Newcastle's latest pair of imports believe a fresh wave of Englishmen could be headed to the NRL, inspired by the trail former Knight Dominic Young blazed for players to make a move to Australia at a younger age.
Pryce came from Huddersfield, where he played 46 games over the past three years. It's the same club Young played two Super League games with before moving to Newcastle ahead of the 2021 campaign.
Over three seasons at the Knights, Young - who has joined the Roosters for the next four years - developed into a genuine star.
He arrived as a lanky 19-year-old with plenty of potential but developed on and off the pitch to become one of the game's best wingers. In his final season, Young scored 25 tries in as many games. All up, he netted 43 in 51 appearances.
"It shows for me and Kai that a young English lad has come over and done well, and made a name for himself," Pryce said of Young's influence. "He should be really proud of himself.
"It just gives us an influence and a person to look up to who's done it already, and someone who we can try and replicate ourselves."
Pearce-Paul comes to the NRL at a slightly older age than Pryce and with more experience. He played 61 top-flight games for Wigan over the past four years.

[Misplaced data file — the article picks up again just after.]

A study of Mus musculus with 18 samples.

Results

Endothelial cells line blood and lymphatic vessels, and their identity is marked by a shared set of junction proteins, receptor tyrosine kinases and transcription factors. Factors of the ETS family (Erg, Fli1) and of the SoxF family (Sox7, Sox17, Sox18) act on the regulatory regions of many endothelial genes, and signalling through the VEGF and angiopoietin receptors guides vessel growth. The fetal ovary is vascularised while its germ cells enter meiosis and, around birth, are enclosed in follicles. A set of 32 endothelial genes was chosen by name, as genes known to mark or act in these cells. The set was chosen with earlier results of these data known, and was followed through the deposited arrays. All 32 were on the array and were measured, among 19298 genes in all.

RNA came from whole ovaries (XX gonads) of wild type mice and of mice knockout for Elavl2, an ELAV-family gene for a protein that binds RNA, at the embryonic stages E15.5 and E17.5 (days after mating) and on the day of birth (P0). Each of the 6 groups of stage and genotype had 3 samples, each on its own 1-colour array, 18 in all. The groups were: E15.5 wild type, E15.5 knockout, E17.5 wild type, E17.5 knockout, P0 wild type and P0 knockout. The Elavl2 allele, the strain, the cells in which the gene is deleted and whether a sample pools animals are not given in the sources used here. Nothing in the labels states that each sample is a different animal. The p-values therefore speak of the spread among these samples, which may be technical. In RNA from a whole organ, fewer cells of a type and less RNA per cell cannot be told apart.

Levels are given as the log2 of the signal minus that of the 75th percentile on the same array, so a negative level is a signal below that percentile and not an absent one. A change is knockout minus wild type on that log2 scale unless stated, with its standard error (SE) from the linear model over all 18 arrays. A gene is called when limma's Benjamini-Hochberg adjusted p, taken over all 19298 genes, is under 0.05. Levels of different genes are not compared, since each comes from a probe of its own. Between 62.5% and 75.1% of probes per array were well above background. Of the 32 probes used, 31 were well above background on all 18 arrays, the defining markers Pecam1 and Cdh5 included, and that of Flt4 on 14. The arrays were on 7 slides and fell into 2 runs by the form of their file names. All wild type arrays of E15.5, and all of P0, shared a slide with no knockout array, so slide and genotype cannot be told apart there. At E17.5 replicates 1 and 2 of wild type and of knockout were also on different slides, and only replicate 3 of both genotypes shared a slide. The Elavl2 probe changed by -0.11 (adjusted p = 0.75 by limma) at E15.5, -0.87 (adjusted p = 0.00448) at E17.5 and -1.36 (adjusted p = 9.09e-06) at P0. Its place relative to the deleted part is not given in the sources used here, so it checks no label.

But he said Young, who he played with during the World Cup last year, had been an inspiration. Asked if he felt Young had blazed a fresh trail for emerging English talents to follow, Pearce-Paul said: "I'm sure he did. I've seen a lot, more recently, about people wanting to come to the NRL.
"It was a bit rarer back then for young players to come to the NRL and give it a go. I know some of the older boys, George Williams and John Bateman have come out, but I've seen a lot of names recently. You've got Lewis Murphy, from Wakefield, who has signed with Sydney [Roosters].
"A lot of young players aspire to go to the NRL at some point, but I think now it's become a trend of giving it a go when you're young.
"You look at the likes of Dom Young and his development over the last few years ... it gives you more belief that it is achievable."
Pryce's father, Leon, played close to 500 club games in England and France, but never made it to the NRL. He was actually part of the Bradford side that beat Newcastle 41-26 in the 2002 World Club Challenge.
Pryce told the Herald this month how encouraging his dad was about him coming over, even at such a ripe age. He thinks more English players could follow suit.
"I hope so. There's not many young English lads in the NRL at all," Pryce said.
"There's been a few like John Bateman, Elliott Whitehead, obviously the Burgess boys ... who have come out here and really made a name for themselves.
"That was something for me to look at, and think if in 10 or 20 years time, if I didn't take this opportunity, I'd probably regret it. For the other English players, it's a massive opportunity if they can get their hands on it."